By Harriet Piercy

Apr 9, 2021


Lockdowns caused by the global COVID-19 pandemic (I can’t wait to never see those words on a screen again) have significantly changed the core of how we live our lives—they’ve changed many of our attitudes towards health but also how we navigate our relationships. Our intimate relationships in comparison, may have taken a back seat. Is sex really that important anyway? If you ask me, yes, it supremely is, and the lack of it has affected many of us in ways that we are only beginning to see as lockdowns start to lift. How, exactly?

Speaking in terms of the UK here, when lockdown first started in March 2020—yep, that long ago—, people from outside of our own households couldn’t meet indoors under most (if not all) circumstances. Effectively, this meant that having any sort of intimate relationship with someone other than who you lived with became criminalised. This disproportionately affected those who were exploring their sexualities or developing relationships, for obvious reasons, and as a majority the group of people affected were young adults. That being said, the impact that lockdown had on every aspect of sexual health and wellbeing as a whole affected nearly every body, understandably.

Sexual relationships form an essential part of intimacy, they increase feelings of safety, closeness and connectedness, and according to a study by the British Psychological Society, in the early days of a relationship “lack of sexual connectedness may threaten the relationship and limit compliance with health directives. In longer term relationships, changes and pressures relating to sexual intimacy may lead to many unwanted outcomes, for example, conflict or dissatisfaction.” Now, this may not come as a surprise, but what may be is the lack of desire for sex that has been a result of COVID-19 lockdowns.

Recent research done by The Conversation has shown that sexual activities within the UK, such as intercourse, solo masturbation and watching porn have decreased significantly since before March 2020. The biggest decrease was in sex with a partner, with over a quarter of the respondents in the study stopping this activity altogether.

The study, which was published in the Journal of Sex Research, also investigated sexual desire, and showed that women reported a lower desire than men overall. Other studies support that this may predominantly be because of the increase in domestic chores and stress for women during lockdowns, especially those with children.

Let’s take a closer look at those without children, and who are at the younger end of the age spectrum or that were single, or dating casually before lockdowns: there were approximately 7.9 million single people living in the UK in 2020, and most lived through the past year without sexual encounters. There are benefits both towards physical and mental health through having sex—this is not new knowledge—it results in a greater sense of confidence among many other things. It is also an important component of people’s identities.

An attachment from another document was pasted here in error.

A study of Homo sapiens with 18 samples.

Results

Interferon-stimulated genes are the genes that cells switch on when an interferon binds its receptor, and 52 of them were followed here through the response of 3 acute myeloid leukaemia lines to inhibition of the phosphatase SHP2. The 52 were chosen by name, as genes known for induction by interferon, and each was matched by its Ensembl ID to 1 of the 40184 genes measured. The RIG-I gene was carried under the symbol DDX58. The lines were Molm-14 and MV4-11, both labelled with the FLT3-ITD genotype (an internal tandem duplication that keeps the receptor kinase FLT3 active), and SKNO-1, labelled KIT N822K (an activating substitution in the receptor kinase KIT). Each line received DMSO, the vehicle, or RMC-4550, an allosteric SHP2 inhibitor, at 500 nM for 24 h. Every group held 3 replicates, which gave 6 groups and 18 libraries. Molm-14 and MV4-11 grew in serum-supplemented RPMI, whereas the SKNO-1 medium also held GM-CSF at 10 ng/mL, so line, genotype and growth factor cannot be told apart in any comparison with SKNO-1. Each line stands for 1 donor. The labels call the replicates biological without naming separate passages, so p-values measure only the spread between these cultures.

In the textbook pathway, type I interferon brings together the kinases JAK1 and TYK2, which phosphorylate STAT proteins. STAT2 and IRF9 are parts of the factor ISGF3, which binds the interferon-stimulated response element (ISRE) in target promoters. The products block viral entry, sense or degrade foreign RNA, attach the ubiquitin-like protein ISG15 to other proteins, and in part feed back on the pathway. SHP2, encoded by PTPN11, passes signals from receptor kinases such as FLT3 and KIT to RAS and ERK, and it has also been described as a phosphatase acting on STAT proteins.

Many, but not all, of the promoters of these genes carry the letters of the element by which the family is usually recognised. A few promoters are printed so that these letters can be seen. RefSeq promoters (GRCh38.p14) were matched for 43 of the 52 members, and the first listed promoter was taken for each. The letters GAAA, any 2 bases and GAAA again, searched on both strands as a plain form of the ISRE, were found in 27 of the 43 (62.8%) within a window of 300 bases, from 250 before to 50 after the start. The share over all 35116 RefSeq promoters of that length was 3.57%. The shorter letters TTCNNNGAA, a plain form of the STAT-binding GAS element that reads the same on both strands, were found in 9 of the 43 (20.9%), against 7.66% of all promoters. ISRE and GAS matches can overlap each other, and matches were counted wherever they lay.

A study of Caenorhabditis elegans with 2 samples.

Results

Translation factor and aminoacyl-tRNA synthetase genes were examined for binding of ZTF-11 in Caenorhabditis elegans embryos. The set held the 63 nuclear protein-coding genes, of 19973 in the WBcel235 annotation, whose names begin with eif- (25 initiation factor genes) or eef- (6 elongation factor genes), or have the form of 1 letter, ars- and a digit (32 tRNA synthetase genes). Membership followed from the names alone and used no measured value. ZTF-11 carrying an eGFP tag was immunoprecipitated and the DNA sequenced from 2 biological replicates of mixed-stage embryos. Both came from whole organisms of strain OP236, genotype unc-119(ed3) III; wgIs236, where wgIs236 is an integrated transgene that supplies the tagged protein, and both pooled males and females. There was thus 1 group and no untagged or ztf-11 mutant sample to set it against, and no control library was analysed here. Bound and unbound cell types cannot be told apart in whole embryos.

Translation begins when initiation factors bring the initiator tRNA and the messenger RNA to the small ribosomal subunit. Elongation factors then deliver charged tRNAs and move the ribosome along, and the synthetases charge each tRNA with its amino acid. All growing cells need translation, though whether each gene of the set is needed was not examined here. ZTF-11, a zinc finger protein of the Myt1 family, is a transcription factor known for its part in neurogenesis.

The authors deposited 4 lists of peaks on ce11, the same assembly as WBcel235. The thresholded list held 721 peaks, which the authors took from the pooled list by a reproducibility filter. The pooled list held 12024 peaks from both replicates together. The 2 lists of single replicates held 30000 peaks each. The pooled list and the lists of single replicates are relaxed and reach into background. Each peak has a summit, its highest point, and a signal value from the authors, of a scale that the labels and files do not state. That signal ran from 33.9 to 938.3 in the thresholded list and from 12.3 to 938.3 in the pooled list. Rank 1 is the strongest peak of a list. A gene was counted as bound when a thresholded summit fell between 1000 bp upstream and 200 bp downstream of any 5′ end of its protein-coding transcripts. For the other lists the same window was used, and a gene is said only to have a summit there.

Access to reproductive services in the UK were severely limited, or simply closed, resulting in anxiety towards how young people would stay protected, alongside the anxiety of a global pandemic. Libido undoubtedly dropped because of this reason. Similarly, there is evidence that birth rates have dropped over the past year as well, and now with lockdowns lifting—I wonder how this might change, how will people respond to the extra freedom after having been sexually restricted?

According to Nature, “Without drawing general conclusions or ignoring intrapersonal and interpersonal differences in the meaning of pandemic stress for individuals and couples, high-stress situations and prolonged quarantine have been shown to induce symptoms of depression, post-traumatic stress, loneliness, confusion, anger, frustration, boredom, worry and health-related fear.” For some couples, it sadly resulted in them breaking up over the stress of lockdowns, all of which we certainly do not need on top of other reasons we felt upset. Governments were also under scrutiny for not allowing the continuation of sexual relationships whereby allowing communal exercise instead.

However, this is controversial, having physical, in-person sex requires people to get up close and personal obviously, but as a study published in The Journal of Sex put it, “the impact on sexuality and general wellbeing should be considered by policymakers when considering future social restrictions related to COVID-19 or other public health emergencies.”

It has been suggested by The Guardian that we could see a “roaring 20s” as we return to a new sense of normality. Studies have shown that young couples living together became far more adventurous in a sexual sense during lockdown (hoorah for you, by the way), but also that having not had sex for so long, those who are looking for a casual hookup may be unraveling themselves out of lockdown as more timid on the dating scenes—or possibly the total opposite.

Dating undoubtedly has changed, for better or for worse is something only time will tell, however, Doctor Nicholas Christakis, when speaking to The Guardian, commented that possibly by 2024, “all of those [pandemic trends] will be reversed,” he said, adding that “People will relentlessly seek out social interactions.” That could include “sexual licentiousness,” liberal spending, and a “reverse of religiosity.” Bring on the roaring 20s, am I right?